Some Pushing For Christopher Columbus Statue To Be Taken Down In Northern Westchester

Some are calling for the removal of a statue of Christopher Columbus that is prominently located downtown in a Northern Westchester village.

The Christopher Columbus statue in Mount Kisco.
The Christopher Columbus statue in Mount Kisco. Photo Credit:

An online petition has been circulating, with more than 650 signatures, calling for the Mount Kisco Board of Trustees to remove the Columbus statue located outside the public library.

“Mount Kisco is a diverse town, populated with about 10,710 people. It is appalling to see a Christopher Columbus Statue in this town,” organizers stated. “Christopher Columbus has been well known for his numerous acts of violence when arriving to Hispaniola.

“He is responsible for selling children into sex-slavery, mutilation, slavery, mass genocide, rape, and beheading the indigenous people,” they continued. “Columbus never even laid foot in North America.”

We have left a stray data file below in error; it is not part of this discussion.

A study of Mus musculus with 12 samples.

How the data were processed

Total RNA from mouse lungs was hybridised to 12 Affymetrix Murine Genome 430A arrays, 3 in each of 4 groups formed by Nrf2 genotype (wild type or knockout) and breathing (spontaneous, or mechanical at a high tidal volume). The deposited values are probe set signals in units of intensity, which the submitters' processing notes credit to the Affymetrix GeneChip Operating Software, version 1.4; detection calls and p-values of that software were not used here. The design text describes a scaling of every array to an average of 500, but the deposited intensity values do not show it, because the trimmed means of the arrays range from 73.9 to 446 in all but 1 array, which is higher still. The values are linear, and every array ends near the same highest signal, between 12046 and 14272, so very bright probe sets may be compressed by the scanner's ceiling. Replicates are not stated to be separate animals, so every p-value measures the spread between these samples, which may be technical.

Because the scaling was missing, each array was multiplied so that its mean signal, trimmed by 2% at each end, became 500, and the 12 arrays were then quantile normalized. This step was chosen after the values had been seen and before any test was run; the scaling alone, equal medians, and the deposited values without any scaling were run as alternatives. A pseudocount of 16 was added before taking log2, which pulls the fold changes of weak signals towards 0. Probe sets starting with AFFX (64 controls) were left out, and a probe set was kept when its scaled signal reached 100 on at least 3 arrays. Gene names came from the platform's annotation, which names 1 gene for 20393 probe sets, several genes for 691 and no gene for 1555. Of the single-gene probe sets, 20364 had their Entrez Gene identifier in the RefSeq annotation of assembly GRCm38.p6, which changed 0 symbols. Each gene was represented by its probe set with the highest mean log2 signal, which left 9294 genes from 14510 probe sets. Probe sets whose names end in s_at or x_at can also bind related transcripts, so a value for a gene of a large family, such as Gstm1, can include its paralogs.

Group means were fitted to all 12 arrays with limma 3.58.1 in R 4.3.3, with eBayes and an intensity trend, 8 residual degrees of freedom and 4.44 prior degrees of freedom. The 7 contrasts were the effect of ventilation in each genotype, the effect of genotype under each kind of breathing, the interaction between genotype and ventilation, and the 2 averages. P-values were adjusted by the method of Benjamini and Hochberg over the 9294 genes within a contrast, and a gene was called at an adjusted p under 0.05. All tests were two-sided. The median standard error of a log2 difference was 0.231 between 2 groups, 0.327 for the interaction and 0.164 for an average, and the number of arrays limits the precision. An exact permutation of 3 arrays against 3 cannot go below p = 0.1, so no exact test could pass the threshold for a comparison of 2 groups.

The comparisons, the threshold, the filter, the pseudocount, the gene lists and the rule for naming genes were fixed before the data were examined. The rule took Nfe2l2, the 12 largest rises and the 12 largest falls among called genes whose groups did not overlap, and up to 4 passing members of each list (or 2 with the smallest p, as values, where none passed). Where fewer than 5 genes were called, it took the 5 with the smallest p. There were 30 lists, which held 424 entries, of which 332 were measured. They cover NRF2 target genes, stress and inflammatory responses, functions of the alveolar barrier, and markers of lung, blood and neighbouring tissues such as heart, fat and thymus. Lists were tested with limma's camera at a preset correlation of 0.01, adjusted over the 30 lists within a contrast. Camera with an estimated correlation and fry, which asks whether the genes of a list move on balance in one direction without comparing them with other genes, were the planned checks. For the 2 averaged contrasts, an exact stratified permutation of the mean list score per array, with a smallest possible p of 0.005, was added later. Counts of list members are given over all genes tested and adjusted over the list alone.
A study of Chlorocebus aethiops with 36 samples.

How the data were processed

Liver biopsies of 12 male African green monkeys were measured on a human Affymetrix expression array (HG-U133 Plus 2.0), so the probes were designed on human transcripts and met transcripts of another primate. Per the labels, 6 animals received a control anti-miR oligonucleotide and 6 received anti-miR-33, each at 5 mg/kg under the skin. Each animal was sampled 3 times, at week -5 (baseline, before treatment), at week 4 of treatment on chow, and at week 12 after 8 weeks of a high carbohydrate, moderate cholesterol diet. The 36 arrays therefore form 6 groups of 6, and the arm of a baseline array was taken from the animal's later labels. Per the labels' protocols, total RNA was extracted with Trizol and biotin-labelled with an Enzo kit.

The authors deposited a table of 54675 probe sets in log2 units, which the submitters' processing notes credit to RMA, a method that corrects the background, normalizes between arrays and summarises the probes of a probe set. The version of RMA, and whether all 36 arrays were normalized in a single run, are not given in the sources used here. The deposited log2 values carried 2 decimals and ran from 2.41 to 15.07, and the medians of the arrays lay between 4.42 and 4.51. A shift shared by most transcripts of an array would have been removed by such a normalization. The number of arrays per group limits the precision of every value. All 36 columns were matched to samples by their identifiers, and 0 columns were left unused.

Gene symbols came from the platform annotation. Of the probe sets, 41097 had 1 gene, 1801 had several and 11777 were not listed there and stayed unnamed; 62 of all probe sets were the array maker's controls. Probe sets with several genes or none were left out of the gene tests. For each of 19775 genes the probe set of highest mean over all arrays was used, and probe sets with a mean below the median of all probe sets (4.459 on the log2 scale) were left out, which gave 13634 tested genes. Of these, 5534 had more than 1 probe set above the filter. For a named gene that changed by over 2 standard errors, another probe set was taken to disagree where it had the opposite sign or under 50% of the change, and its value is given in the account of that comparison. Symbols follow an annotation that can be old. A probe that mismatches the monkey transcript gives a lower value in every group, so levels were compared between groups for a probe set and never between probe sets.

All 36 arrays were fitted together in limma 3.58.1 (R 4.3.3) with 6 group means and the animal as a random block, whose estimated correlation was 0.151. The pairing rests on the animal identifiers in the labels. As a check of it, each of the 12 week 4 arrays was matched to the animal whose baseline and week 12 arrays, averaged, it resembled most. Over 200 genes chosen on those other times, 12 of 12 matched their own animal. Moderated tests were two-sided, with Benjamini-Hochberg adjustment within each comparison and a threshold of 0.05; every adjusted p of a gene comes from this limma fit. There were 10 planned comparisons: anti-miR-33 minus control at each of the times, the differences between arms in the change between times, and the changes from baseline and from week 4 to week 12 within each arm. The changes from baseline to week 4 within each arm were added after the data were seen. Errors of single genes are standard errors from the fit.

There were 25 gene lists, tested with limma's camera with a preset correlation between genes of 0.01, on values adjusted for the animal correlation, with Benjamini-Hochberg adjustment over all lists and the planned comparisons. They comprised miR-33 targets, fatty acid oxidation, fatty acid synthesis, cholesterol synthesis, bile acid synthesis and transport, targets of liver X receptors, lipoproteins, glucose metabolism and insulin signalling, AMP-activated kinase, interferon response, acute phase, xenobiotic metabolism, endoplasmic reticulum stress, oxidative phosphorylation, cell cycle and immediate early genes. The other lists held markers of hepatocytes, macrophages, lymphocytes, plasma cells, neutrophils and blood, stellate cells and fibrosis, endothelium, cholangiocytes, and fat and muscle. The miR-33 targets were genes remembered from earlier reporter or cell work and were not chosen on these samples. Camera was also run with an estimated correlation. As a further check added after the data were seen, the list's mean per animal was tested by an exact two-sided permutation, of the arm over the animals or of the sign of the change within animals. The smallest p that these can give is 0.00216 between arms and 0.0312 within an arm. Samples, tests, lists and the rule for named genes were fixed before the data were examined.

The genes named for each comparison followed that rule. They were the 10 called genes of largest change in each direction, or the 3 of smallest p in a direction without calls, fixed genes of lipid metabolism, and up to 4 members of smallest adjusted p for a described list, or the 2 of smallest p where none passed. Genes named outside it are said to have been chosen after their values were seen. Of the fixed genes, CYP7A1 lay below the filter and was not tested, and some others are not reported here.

The petition, posted by Kaitlynn Hurtado, currently has 653 signatures as of Friday, June 26. She is calling for the village to take down the statue and should instead “celebrate a local character who has done right by their community.”

The Columbus statue has stood in Mount Kisco since the early 1990s, first closer to Shoppers Park before being move closer to the library.

“Leif Eriksson led the first European expedition to North America, 500 years before the birth of Columbus; meaning he didn’t actually discover North America,” the petition states. “Christopher Columbus is a tyrant, which is why we need to take down this statue. In no way does Mount Kisco represent for the atrocities committed by Columbus, so why should there be a statue in our town in his honor?”

In the past, New York Gov. Andrew Cuomo - a noted Italian-American - has pledged his support for a statue of Columbus in Manhattan, calling it the symbol of the “Italian-American legacy.”

"I understand the feelings about Christopher Columbus and some of his acts, which nobody would support,” he said earlier this month. “But the statue has come to represent and signify appreciation for the Italian-American contribution to New York, so for that reason I support it."